Recently, I was at the intersection of Dearborn and Madison Streets in Chicago, and I had just come from a Legal Project Management training session in which a rather senior partner told everybody that he hates the LPM program his firm is rolling out. “The way I practice law has worked for 30 years. Why add on all this LPM mumbo jumbo?” he asked.
I saw he had the newest iPhone in front of him on the table.
“Yep,” he said.
“Know how to use it?”
“Do youfind it helps you plan, organize and get information better than your old phone?“
“How long did it take to learn to use it?”
“I was able use it right away, but my kid has been showing me all these other really cool things it can do.”
“Have you added any amazing new apps to it?”
“Yeah, I downloaded some sites that give me current news and information.”
I paused for a moment. “Gee, sounds like LPM,” I said.
In his own way this guy has been using LPM for years – just in his own way, with all the steps spelled out implicitly in his own head. The problem is that sometimes his colleagues aren’t completely dialed in to what’s going on in his head. And sometimes his clients don’t even know where his head is. Then it’s time for damage control, which is a waste of time and money.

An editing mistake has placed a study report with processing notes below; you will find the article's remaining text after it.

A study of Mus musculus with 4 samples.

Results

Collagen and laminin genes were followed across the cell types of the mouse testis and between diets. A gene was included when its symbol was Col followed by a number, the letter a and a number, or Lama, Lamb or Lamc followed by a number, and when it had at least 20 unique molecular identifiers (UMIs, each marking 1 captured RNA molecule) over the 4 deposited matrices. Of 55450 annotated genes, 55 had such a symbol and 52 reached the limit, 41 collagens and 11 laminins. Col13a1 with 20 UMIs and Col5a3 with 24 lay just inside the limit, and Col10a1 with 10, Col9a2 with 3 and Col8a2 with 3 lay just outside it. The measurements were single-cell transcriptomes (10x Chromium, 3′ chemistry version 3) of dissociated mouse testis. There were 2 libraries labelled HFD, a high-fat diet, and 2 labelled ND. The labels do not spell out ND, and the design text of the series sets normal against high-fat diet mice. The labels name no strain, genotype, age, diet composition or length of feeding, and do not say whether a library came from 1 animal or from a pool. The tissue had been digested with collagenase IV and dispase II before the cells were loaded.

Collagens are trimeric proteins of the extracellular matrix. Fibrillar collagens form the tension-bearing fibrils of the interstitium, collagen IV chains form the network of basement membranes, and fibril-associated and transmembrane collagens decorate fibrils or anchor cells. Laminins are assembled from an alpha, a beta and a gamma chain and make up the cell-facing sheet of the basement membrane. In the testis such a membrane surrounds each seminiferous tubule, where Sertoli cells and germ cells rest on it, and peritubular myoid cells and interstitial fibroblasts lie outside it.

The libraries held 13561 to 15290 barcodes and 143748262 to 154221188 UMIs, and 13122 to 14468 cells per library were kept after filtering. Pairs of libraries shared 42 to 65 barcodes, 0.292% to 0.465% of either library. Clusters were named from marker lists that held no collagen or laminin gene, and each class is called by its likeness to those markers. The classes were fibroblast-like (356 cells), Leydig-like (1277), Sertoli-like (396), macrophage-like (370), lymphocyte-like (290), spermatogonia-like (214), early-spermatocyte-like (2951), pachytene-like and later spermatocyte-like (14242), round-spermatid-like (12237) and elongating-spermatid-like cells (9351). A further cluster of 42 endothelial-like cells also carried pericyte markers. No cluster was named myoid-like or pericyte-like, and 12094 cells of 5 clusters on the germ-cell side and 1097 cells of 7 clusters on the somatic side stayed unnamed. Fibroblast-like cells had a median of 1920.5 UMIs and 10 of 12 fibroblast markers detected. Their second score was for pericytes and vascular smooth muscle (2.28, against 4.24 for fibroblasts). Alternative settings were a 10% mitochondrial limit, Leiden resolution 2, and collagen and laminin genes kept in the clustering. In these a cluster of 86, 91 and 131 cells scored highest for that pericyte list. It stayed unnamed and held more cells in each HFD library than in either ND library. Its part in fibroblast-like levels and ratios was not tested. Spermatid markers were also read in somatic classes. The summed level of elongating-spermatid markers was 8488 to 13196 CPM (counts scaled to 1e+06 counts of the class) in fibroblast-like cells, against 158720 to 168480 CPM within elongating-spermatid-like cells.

LPM isn’t rocket science. It’s really about how, what and when lawyers communicate. Basically, LPM says, “let’s do some extra planning and collaborating in the beginning, so we don’t have to do damage control later on.”
Like many lawyers, this partner was nervous about LPM because he really didn’t know what it is. He was afraid it’s some kind of complicated “machine” that will cramp his style and make extra demands on his time.
Actually LPM is a lot like an iPhone. It helps lawyers do the same things, only better. And the more you use it, the better you get at using it.
© 2010, Edge International US, LLC. All rights reserved.
No part of this post may be copied or reproduced without the express permission from Edge International US, LLC.